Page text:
How Does Growth Hormone Deficiency Affect Brain Structure?
Study Also Looked at Growth Hormone Deficiency and Motor Function and Cognition
Even though it’s known that growth hormone insulin-like growth factor-1 is key in normal brain growth, less is known about how the brain structure is impacted by growth hormone deficiency. A study examined this; the results were published in Brain in January 2012 in the article “Effect of growth hormone deficiency on brain structure, motor function and cognition.”
In the study, there were 15 children with isolated growth hormone deficiency (mean age: 8.8 years; peak growth hormone < 6.7 µg/l [mean: 3.5 µg/l]). There were also 14 controls with idiopathic short stature (mean age: 8.4 years; peak growth hormone > 10 µg/l [mean: 15 µg/l] and normal growth rate).
The children had cognitive assessment, diffusion tensor imaging, and volumetric magnetic resonance imaging before beginning growth hormone treatment. Using Freesurger, the following were measured: total brain, corpus callosal, hippocampal, thalamic, and basal ganglia volume. Additionally, fractional anisotropy, which is a marker of white matter structural integrity, images were aligned; researcher performed tract-based spatial statistics.
Those children with isolated growth hormone deficiency had lower Full-Scale IQ (p<0.01) when compared to controls. Also when compared to controls, they had lower Verbal Comprehension Index (p < 0.01), Processing Speed Index (p < 0.05), and Movement-Assessment Battery for Children (p < 0.008).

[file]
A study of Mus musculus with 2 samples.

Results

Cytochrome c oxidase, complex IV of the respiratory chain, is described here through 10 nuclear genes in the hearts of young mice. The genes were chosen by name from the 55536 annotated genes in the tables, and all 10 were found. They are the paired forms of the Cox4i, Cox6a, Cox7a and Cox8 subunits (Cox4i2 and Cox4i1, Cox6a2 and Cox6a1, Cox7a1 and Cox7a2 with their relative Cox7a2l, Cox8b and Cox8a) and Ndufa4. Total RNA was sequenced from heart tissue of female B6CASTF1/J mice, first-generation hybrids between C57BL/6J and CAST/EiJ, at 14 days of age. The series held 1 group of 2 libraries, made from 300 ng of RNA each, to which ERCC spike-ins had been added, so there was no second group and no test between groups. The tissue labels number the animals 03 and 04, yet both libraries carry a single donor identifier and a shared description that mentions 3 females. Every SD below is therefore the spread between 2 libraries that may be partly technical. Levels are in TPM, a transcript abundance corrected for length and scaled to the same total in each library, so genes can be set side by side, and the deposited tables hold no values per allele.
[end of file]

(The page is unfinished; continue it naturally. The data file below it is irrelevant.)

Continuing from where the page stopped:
The standard deviation scores of insulin-like growth factor-1 and insulin-like growth factor binding protein-3 were significantly correlated with Verbal Comprehension Index scores (p < 0.03 and p < 0.02, respectively) for children with isolated growth hormone deficiency.
It was also seen that the splenium of the corpus callosum, left glovus pallidum, thalamus, and hippocampus were significantly smaller (p < 0.01) in children with isolated growth hormone deficiency.
The fractional anisotropy of the corticospinal tract (bilaterally: p < 0.045 and p < 0.05) and corpus callosum (p < 0.05) were significantly lower in those with isolated growth hormone deficiency.
Other significant correlations seen were: basal ganglia volumes and bilateral corticospinal tract fractional anisotrophy with Movement-Assessment Battery for Children scores, and corpus callosum fractional anisotropy with Full-Scale IQ and Processing Speed Index.
Cognitive function and motor performance deficits were related to white matter abnormalities in the corpus callosum and corticospinal tract, as well as to lower thalamic and globus pallidum volumes.
The researchers suggest follow-up studies to confirm that growth hormone deficiency significantly affects brain structures, cognitive function, and motor performance.